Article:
The Bangko Sentral ng Pilipinas yesterday said it has revised the 2020 balance of payment projections, with the current account now expected to yield a $6 billion surplus, taking into account the gradual recovery of a pandemic-ravaged economy.
The BSP revised its current account projection to a surplus equivalent to 1.6 percent of gross domestic product, from a May forecast of a $1.9 billion deficit, or 0.5 percent of GDP, to reflect an expected narrower trade gap.
It expects a current account surplus of $3.1 billion for next year, or 0.8 percent of GDP.
The BSP said it now expects a BOP surplus of $8.1 billion this year, or 2.2 percent of GDP, significantly higher than the May projection of $0.6 billion, or 0.2 percent of GDP.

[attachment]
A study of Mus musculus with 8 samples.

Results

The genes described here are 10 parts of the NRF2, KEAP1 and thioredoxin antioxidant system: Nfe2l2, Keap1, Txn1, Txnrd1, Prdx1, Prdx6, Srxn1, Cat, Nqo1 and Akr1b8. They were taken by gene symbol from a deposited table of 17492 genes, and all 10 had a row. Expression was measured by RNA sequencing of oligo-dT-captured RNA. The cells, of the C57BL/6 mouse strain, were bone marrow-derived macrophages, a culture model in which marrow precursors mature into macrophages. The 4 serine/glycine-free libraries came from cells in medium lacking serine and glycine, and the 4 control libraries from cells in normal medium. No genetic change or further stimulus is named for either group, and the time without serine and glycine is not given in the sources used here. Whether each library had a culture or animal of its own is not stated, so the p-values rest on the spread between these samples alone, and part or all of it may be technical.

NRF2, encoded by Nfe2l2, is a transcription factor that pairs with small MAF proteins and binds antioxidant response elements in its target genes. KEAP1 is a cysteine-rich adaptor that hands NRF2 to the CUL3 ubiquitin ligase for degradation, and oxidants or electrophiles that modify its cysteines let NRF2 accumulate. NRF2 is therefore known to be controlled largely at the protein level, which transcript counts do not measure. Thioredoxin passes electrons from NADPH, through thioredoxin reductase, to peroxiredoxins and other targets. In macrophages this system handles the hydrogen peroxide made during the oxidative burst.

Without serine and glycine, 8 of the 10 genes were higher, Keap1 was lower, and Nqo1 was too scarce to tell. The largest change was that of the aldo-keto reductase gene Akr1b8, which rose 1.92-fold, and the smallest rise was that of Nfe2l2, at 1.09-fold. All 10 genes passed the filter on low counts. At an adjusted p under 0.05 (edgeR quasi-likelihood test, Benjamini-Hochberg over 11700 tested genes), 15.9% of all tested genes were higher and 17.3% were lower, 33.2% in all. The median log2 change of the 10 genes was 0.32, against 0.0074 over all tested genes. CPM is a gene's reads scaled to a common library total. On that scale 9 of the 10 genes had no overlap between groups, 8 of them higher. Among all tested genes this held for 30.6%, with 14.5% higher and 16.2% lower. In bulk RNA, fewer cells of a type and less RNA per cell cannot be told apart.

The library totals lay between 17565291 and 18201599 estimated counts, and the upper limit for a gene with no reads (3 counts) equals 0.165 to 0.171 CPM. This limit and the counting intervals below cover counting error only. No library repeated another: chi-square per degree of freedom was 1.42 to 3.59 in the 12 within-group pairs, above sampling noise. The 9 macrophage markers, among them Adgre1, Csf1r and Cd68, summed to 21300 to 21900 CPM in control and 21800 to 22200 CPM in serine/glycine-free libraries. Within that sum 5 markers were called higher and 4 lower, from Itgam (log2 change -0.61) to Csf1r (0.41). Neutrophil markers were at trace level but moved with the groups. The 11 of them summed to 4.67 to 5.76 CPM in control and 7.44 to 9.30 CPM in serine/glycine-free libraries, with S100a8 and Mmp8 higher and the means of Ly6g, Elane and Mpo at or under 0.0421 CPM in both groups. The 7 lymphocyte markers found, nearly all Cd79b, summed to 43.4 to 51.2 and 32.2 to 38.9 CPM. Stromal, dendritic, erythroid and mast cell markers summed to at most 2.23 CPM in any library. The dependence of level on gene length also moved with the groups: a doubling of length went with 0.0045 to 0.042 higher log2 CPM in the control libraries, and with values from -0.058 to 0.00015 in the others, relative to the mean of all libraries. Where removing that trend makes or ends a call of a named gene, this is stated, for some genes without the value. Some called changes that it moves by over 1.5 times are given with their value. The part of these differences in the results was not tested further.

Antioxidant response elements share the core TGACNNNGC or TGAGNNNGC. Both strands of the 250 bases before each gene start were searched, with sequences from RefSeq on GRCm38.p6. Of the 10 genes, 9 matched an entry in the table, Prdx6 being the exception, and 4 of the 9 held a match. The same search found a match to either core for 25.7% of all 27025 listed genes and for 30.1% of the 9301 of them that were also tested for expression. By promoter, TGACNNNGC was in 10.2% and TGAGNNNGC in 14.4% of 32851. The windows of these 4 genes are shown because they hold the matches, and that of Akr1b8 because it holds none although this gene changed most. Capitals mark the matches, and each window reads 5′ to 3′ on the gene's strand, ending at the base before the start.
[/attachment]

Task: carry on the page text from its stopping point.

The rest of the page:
It sees a BOP surplus of $3.4 billion, or 0.9 percent of GDP, for next year.
The Southeast Asian country’s gross international reserves are expected to reach $100 billion by end-2020, higher than the May forecast of $90 billion, and rise to $102 billion next year.
Exports are still projected to contract 16 percent this year, but will likely recover in 2021 with a 5 percent growth rate, the BSP said.
However, imports are seen declining 20 percent this year, steeper than the previous forecast of an 18 percent drop, before rising 8 percent next year, it said.
Despite the improved BOP outlook, however, the BSP warned that uncertainty remains “over the duration, direction and extent of the pandemic’s impact on the economy.”
“The external sector outlook for 2021 reflects more favorable growth prospects as the global economy proceeds from an earlier restart of economic activity in the second half of 2020. Nonetheless, the balance of risks surrounding the outlook continues to lean toward the downside owing to possible resurgence in virus infections across countries as well as pandemic-induced structural changes in labor conditions and trade patterns,” BSP said.